Habbo certainly has a diverse selection of people. There are thousands of users across dozens of countries and each and every one of them celebrates the holidays in different ways. I asked a few users what their most unique holiday traditions. You might be surprised how other people celebrate!
In the Picnic Area, I met Jugne, a thirteen-year-old Lithuanian girl living in the United Kingdom. She told me about the Lithuanian tradition of Kucios. “It’s a special Christmas Eve dinner that is spent with family. We cannot have meat for this meal, but we do have Kuciukai. Kuciukai’s are slightly sweet pastries made from leavened dough and poppy seeds. We also have Christmas wafers! It’s basically flatbread that family members break apart for each other. Families come together no matter how far apart to spread happiness to each other.” She explained that the eldest family member holds the Christmas wafer and breaks off a piece to begin the ritual. The remaining wafer is passed on to another member while a prayer for loved ones is said. This continues until everyone at the table has a piece of the wafer. This is such a beautiful ritual symbolising oneness with family.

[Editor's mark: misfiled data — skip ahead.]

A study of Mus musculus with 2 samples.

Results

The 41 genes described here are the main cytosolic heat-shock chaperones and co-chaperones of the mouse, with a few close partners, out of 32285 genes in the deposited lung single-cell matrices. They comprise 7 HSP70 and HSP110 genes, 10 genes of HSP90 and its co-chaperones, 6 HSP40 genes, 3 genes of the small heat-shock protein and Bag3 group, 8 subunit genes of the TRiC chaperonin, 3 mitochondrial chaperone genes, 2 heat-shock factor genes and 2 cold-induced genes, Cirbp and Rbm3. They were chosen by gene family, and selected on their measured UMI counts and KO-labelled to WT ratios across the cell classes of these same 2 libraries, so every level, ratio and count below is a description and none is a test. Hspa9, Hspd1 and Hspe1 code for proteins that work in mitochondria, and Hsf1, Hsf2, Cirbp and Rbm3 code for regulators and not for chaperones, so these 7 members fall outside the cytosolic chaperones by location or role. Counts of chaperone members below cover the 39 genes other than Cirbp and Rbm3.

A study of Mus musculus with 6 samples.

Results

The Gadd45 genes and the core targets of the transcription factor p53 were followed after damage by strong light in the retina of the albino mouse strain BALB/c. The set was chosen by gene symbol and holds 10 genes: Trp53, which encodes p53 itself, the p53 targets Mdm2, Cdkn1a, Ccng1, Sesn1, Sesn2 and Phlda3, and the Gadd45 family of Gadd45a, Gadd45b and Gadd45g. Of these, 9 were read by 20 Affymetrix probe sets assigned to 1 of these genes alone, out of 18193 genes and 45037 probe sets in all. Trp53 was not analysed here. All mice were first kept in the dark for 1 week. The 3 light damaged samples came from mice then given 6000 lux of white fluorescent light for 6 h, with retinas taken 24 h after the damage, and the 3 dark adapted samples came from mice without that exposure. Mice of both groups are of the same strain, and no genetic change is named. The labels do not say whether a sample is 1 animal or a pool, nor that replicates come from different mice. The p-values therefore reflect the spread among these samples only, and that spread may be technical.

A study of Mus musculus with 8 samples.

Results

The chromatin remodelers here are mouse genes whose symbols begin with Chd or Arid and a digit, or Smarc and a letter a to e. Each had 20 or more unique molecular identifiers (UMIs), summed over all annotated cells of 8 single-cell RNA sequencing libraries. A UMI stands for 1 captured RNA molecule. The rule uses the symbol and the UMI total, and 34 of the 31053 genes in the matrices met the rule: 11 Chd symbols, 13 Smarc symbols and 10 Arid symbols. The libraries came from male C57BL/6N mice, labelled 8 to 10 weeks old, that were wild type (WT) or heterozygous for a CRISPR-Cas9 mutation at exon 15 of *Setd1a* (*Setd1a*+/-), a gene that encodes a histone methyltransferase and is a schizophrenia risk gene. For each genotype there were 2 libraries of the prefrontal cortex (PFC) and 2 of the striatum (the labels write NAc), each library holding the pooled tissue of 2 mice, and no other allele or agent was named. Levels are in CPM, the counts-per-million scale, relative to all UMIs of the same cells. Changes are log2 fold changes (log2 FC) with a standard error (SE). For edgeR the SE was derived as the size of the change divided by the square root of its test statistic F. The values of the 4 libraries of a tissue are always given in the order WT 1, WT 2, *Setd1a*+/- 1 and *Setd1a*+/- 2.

I met hyperrahim in the Welcome Lounge. He’s seventeen years old and from Malaysia. He said, “Here, we celebrate Eid al-Fitr. It’s a holiday for Muslims in which we celebrate after Ramadan, which is thirty days of fasting food, water, feelings of pleasure, and taking part in forbidden acts.” He went on to say, “It’s a feast about being thankful for what you have and for being brave enough to fast. It represents patience and willpower. We define everyone as our brothers and sisters during this time. We increase our liaison by traveling to visit relatives. It’s a month where all bonds are connected and cherished, glued together with love.” I absolutely love the meaning behind the fast and feast.
Fear posted on the Discussion forum, “I’m twenty-three and I am from England. On Christmas, my family and I wake up at a decent time and have some sandwiches and a nice cup of tea or hot chocolate to tide us over for the dinner. We open whatever gifts we have and just spend time together. When we eat dinner we always have a few drinks. My mother passed a few years ago, so we have a toast to her soul. A couple hours after the dinner, my nan comes over to give us some money and spend time with us. From there, we just have some family bonding time which we don’t get to do every day, so it’s pretty nice.” It’s a beautiful thing that they honor his mother at this special time, even though she can’t physically be with them.
The underlying theme across the world around this time of year is love for one’s family. Regardless of our country of origin, our past experiences, our situations, we all cherish these things. Despite our differences, we all have this in common.
How do you celebrate this time of year?